Margaret Thatcher and Bobby Sands fought an epic battle three decades ago that left the Irish hunger-striker dead, but in their latest -- posthumous -- fight, neither side came out victorious when the city of Paris on Monday rejected plans to name streets after them.
An exasperated deputy mayor of the French capital, Pierre Schapira, threw out a bid by far-left councillors for a Rue Bobby Sands as well as the call by the right-wing UMP party to have a street named after the British ex-premier who died this month.
He called on councillors to stop "using the dead for political ends".
"Every month there's something new. The last time it was the pope, and then (the late Venezuelan leader Hugo) Chavez," said Schapira, a socialist.
But he had harsh words for Thatcher.
"Bobby Sands died from a hunger strike that he made to denounce his imprisonment in the terrible conditions that Irish detainees faced, in which torture was regularly carried out by the British police. It was a hunger strike that Mrs Thatcher did not wish to bring to an end," he told a Paris council meeting.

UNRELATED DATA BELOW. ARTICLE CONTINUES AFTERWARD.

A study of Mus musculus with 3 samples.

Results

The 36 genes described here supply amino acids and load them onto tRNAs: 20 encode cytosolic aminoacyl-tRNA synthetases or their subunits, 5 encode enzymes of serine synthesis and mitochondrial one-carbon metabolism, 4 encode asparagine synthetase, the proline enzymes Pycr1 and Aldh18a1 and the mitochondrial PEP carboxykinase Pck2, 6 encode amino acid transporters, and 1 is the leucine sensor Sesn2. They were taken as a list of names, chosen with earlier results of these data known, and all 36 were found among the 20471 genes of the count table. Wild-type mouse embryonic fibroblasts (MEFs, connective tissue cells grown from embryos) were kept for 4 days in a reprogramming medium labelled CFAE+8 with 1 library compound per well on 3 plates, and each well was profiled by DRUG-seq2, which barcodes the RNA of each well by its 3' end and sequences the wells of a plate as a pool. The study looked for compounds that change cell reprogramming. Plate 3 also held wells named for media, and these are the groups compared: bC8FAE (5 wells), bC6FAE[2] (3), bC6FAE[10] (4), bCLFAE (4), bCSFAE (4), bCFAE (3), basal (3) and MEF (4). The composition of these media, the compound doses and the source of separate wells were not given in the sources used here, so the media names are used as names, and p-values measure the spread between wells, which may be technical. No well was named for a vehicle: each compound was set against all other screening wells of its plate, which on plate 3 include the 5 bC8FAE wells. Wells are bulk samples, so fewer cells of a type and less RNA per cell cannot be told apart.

Several French cities already have a street named after the Irish Republican Army member who died in prison in Northern Ireland aged 27 in 1981 after a 66-day hunger strike. He was at the time serving a 14-year sentence for possessing a handgun.
Sands was the first of 10 IRA prisoners who died on hunger strike that year over Thatcher's refusal to grant political status to republican detainees.
Sands was elected as a member of the British parliament during his hunger strike.
Thatcher survived a 1984 bomb assassination attempt by the IRA, which fought for British-ruled Northern Ireland to be reunited with the Irish Republic.